One of the benefits of entering an existing (but leaderless) IT environment is the fresh perspective we can apply while establishing the organization’s technology goals. When starting with a complete blank, you can’t take anything for granted.
Sometimes this clean start can be helpful — even in strong IT environments. Every now and then, it’s good to question the status quo, reassess risk, and confirm past decisions. Why wait for problems to crop up over time? To borrow a sports saying, sometimes the best defense is a good offense.
Here are 5 logical steps for evaluating an IT environment. These steps are crucial in stressed/challenged IT departments, but also very helpful as a yearly process in healthy organizations.
- Overall Assessment
- Risk/Impact Prioritization
- Cost/Revenue Analysis
- Project Definition
I’ll post details about each step in subsequent articles, starting with…
This is the first thing to do when entering a new environment, or reassessing an existing environment. You can’t identify what needs to happen until you have the “lay of the land”. In the overall assessment, we look for areas of risk and opportunity.
For example, risks may be: insecure web infrastructure, lack of staff cross training, incomplete backup procedures, too many legacy systems, or run-away costs. Opportunities may include: mobile apps to drive down sales costs, social media initiatives to increase revenues, or targeted cloud use to prepare for future growth.
Generally, I’ve found that messier IT departments tend to have more risks (largely due to operational challenges), and stronger IT departments tend to have more opportunities (they are operationally strong and ready to move to the next level).
Often, the business attitude towards IT can help us understand which general category the IT department falls into:
- Operational-type category: The company is not satisfied with the current IT environment. Attitudes may include: spending too much on technology, problems with level of service, not sure the right projects are being pursued, response time isn’t fast enough, quality levels not at par, reactive vs proactive, etc.
- Visionary-type category: IT is doing well, and the company wants a visionary who can help take it to the next level and add value to the business.
Every company is different and most companies include a little of both categories, but the stronger category will influence priorities.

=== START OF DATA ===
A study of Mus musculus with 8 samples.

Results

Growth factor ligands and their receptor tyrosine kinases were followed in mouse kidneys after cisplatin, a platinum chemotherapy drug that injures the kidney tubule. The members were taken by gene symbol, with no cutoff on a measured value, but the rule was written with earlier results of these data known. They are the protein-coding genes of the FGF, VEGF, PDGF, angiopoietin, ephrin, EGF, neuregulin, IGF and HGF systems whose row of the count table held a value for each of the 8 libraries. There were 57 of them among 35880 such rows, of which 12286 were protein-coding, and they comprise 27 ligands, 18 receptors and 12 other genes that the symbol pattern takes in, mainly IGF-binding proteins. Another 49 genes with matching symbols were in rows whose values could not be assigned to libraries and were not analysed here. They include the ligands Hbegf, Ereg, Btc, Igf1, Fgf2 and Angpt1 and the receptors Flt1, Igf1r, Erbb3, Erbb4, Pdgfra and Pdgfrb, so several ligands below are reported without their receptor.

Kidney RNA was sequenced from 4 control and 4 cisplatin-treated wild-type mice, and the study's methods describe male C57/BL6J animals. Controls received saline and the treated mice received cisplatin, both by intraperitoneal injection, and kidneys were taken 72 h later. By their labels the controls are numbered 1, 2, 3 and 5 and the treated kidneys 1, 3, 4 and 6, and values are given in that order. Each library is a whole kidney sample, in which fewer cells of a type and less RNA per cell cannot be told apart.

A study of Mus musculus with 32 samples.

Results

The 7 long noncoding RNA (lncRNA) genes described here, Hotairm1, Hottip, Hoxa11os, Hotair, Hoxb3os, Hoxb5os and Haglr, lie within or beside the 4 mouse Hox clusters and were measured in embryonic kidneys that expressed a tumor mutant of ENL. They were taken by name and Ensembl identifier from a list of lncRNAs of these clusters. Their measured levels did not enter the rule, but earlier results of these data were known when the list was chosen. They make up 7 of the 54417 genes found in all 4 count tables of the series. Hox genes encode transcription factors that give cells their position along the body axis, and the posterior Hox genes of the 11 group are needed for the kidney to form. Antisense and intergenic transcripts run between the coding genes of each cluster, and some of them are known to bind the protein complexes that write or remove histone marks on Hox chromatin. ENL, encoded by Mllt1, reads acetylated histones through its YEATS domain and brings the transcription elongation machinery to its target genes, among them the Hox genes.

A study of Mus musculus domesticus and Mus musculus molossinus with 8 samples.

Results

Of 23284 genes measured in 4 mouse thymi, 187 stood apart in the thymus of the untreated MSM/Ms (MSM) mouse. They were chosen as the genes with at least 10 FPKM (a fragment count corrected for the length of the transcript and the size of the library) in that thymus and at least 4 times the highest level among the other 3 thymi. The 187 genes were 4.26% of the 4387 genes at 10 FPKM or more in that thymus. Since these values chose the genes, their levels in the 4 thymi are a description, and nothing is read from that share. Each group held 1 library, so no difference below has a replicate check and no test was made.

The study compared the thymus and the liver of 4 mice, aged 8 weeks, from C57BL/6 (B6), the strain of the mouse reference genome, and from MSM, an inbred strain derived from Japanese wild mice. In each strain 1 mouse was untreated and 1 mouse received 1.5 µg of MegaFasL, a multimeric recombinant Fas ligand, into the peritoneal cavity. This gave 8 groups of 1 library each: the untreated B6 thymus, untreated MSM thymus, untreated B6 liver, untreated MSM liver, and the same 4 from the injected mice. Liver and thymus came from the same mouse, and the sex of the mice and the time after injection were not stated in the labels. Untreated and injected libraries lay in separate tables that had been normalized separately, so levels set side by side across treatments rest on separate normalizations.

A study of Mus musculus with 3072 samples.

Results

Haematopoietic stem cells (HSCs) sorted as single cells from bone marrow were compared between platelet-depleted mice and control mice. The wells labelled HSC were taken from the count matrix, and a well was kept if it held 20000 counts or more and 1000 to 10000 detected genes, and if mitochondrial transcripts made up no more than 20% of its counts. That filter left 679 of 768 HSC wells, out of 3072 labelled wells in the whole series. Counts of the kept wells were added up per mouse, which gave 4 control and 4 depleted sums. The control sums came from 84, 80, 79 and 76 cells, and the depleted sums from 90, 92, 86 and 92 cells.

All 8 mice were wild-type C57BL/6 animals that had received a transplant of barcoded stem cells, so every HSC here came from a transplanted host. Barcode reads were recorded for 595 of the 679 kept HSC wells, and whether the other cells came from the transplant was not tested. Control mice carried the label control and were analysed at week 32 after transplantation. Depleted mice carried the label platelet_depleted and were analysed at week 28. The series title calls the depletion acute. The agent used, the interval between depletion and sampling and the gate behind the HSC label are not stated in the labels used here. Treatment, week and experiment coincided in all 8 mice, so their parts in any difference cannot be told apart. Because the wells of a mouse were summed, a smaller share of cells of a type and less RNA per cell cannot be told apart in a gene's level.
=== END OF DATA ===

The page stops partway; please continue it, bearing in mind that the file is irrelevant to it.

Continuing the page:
In the overall assessment, we want to gather information about vendors, staff, and costs. We also review network diagrams and documentation, policies and procedures, and compliance requirements (PCI, HIPAA, etc). One visual I like to create during the assessment process (because it typically doesn’t exist) is the flow of information between systems. I also like to meet with department managers to hear their pain points firsthand, as this can provide real insight into problem areas.
This sounds grueling, but it doesn’t need to take an enormous amount of time. We aren’t reading every piece of documentation – we’re simply looking for areas of risk that can help us identify the BEST overall path forward for this particular company. Here are a couple of examples from my experience, just to provide a bit of context:
- Company A had enormous IT costs for the size of the business, due to the number and variety of legacy IT systems in place. As it turns out, their IT direction was set back in the 1980s with the motto “we always buy the Cadillac and then connect it to everything else”. Some of those 1980s systems were still in place, but the connections were expensive, error-prone, and unable to easily talk with today’s web-based systems.
- Company B had small IT costs for the size of the business, but there were several single-points-of-failure that were causing sporadic, corporate-wide problems.
- Company C was satisfied with IT operations and was looking for direction on future projects to ensure the company invests in the BEST technology to meet their anticipated future growth. The pain points identified by department heads really helped us focus in on a few key projects.
The output from the overall assessment is a risk/opportunities spreadsheet that lists all of the possible projects identified during the assessment. Not all of the projects will be implemented, but this list is the starting point.
|Frequent Internet Outages||Short outages occur several times per month, affecting business phones and orders|
|Enhance Customer Ordering||Current ordering web site is cumbersome and error-prone, and cannot handle anticipated growth|
Next step, Risk/Impact Prioritization, will start with this spreadsheet. We’ll cover the next step in the next post.